Last week, the city of Los Angeles moved one step closer to becoming another no-kill city in the United States, joining the ranks of Austin, and sharing aspirations with places like Chicago. Although the proposal is merely a resolution and not law, it does take a big step toward hitting the stated goal of “saving 90 percent or more of the cats and dogs coming through the sheltering system.”
As reported by the website LAist, Best Friends Animal Society of Los Angeles already puts this number at 89.4%, so the city is well on the way to success — but they aren’t quite there yet.
Speaking of the process, the Director of Policy and Legislation for city councilmember Paul Koretz, Jeff Ebenstein, told local radio station KABC, “It’s not going to happen over night but we increased funding to spay and neuter, that was a big part of it. We also put a ban on puppy mills in the city of Los Angeles that require all pet stores to use shelter animals.”
The resolution itself begins optimistically and sets a target of less than eight months from now:
“WHEREAS, while the no-kill goal is in sight and potentially within reach, there is more to be done in order to save all of the adoptable and healthy animals in the department’s care and jurisdiction.
“NOW, THEREFORE BE IT RESOLVED that the City of Los Angeles reconfirms its commitment to achieving the accepted no-kill live release for all healthy and adoptable dogs and cats at Los Angeles Animal Services by December 31, 2017, or by as soon thereafter as possible; and
“BE IT FURTHER RESOLVED that the City of Los Angeles work in collaboration with the No Kill Los Angeles coalition, other rescuers and rescue organizations, humane organizations and the general public to develop a comprehensive strategy to reach and maintain a life-saving rate consistent with accepted no-kill standards.”
Of course, a resolution is one thing and a result is another, but residents of Los Angeles — and all communities with shelters — can help the process along toward the 90% goal. For example:
- Spay and neuter your pets.
Unless you’re a licensed, professional breeder, there’s no good reason for any of your dogs to have puppies — and don’t think that it can’t happen if you have one dog that never leaves your house. As they say, “love will find a way.” So will an intact male dog when there’s a female in heat anywhere in the neighborhood. Get your dogs (and cats) spayed or neutered.
- Adopt, don’t shop.
Every dog (or cat) rescued from a shelter is one less potential victim of euthanization, and frees up a spot for another dog to stay alive. Also, by investing your money in shelters instead of with breeders and pet shops, you’re helping to pay for the survival of future dogs.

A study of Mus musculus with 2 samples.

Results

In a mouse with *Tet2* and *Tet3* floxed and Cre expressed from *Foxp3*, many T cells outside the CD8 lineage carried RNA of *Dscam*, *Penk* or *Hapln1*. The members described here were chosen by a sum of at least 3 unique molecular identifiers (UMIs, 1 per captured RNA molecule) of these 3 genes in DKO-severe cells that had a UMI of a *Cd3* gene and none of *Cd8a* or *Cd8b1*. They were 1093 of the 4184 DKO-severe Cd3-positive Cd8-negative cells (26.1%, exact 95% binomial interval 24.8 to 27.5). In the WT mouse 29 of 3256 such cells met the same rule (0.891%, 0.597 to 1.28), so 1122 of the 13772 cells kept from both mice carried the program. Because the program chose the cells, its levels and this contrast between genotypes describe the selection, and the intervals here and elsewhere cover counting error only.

- Consider older dogs, not puppies.
Adult dogs can be a much better fit than a puppy if you don’t have the time to properly train a young dog — which is pretty much a 24/7 job. They can also start out already trained and socialized. Senior dogs can be ideal for senior citizens or people with conditions that limit their mobility or activity level.
- Consider “imperfect” dogs.
Dogs aren’t hindered by handicaps, like hearing or vision loss, or the amputation of a limb. They go on being dogs, but these are the dogs that are often overlooked at adoption time. If you do see such a dog at a shelter, consider rescuing them. You’ll find them to be just as loving and loyal. They are also at much higher risk of being un-adopted and killed, so you’re guaranteed to save a life this way. And remember: “imperfect” is a human judgment, not a dog reality!
- Never surrender your dog to a shelter.
If you absolutely have to give up your dog, there are better alternatives that won’t put your dog on a kill list and, again, will leave a shelter spot open for another dog. Options range from no-kill private rescues, to friends and family, to interviewing to find prospective adopters.
Currently, Austin is the biggest city in the U.S. to have made the successful transition to no-kill. At over four times its population, the city of Los Angeles would smash that record while proving that it is possible for a huge urban area to make its shelters humane and pave the way for the behemoth that is the County of Los Angeles to do the same. At 10.12 million people, it’s the largest county in the country. Turning the county no-kill would have an enormous and positive impact on the rest of the country.
You can find a list of resources for making your own shelters no-kill, whether you live in a small, rural area, or a huge city, at the Best Friends website.